A Japanese macaque at Mt Takasaki (Photo: Mandy Bartok)

Takasakiyama Monkey Park

Monkey madness just outside Oita City

A Japanese macaque at Mt Takasaki (Photo: Mandy Bartok)
Mandy Bartok   - 3 min read

Oita city hasn't always been fond of its monkeys. A few decades ago, the area's macaques were wreaking havoc on farmer's fields and foraging for food in neighborhood trash cans. A local official decided to alleviate the problem by luring the monkeys to the mountain with a whistle and food. The ruse worked and Mt Takasaki has been home to around 1200-1500 Japanese macaques ever since.

The Mt Takasaki monkey park doesn't function like a zoo. There are no fences or boundaries, no off-limits areas for the macaques. Human visitors are cautioned to keep their distance, avoid aggressive behavior and refrain from touching or feeding the monkeys. In return, they are given the opportunity to observe these animals up close. Three troupes of monkeys call the mountain home and descend from the peak to eat, play on the equipment the park staff has constructed and groom themselves and their babies.

The main bulk of the action takes place a short walk up the hill from the main park entrance. Staff will offer you the chance to ride a mini-monorail to the top for an extra fee, but if you're in good shape and don't mind a five minute climb, I suggest you pass. At the top, most visitors cluster around the simian play area where a variety of swings, slides, ladders and obstacles keep the park's residents entertained for hours. Japanese staff usually keep up a running commentary on specific monkeys and their particular habits. There's no obligation to hang around and listen, so feel free to wander the grounds and observe the monkeys on your own. While the above-mentioned rules are in place for the safety of all parties involved, hardly any of the monekys display any fear of humans and you'll often be able to get quite close to them. Even the babies show complete comfort with all of the crowds, though I'd still get out of the way if Mama comes running over!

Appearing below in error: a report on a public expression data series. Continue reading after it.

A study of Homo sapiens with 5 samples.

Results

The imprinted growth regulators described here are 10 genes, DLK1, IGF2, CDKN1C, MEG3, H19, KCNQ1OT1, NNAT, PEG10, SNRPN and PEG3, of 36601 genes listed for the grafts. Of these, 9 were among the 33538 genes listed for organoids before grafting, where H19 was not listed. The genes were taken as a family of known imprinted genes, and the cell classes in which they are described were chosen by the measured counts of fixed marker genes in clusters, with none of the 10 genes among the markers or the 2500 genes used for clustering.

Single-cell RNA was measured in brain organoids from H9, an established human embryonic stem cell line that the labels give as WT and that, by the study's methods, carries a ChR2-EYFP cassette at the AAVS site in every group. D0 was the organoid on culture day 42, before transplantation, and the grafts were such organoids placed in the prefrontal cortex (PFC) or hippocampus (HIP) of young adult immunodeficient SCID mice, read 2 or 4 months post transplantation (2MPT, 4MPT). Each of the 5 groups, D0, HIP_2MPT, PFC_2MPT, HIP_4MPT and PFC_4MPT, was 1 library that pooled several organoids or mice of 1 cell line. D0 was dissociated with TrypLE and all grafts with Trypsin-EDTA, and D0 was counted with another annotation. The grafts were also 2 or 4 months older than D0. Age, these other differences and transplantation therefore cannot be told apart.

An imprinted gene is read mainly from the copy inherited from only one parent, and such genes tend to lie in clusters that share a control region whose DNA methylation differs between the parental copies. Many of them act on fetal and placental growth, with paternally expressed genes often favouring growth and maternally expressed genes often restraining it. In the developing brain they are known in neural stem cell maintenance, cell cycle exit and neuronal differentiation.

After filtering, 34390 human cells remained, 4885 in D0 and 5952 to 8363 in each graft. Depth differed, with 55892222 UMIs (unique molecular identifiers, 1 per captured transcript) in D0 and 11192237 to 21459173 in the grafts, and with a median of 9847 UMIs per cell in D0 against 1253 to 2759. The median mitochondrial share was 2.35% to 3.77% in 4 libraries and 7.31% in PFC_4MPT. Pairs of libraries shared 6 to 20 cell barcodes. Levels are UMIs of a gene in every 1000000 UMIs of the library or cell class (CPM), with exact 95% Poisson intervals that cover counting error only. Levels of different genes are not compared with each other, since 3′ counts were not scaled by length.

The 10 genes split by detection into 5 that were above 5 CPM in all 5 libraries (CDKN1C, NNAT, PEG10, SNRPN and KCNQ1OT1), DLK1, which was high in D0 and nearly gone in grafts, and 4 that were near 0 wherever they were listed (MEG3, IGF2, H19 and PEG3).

Feeding occurs several times a day around the central play area. If you miss the announcement, just watch the monkeys. It's a mad rush for dinner when the feed is scattered.

The monkey park is open daily from 8:30am to 5:00pm, though the ticket booth shuts down at 4:30pm. If you come in the morning, consider a visit to the neighboring aquarium, just across the highway at the bottom of the mountain.

Mandy Bartok

Mandy Bartok @mandy.bartok

Japan resident for 10 years, with time spent in Okinawa, Kumamoto and Tokyo.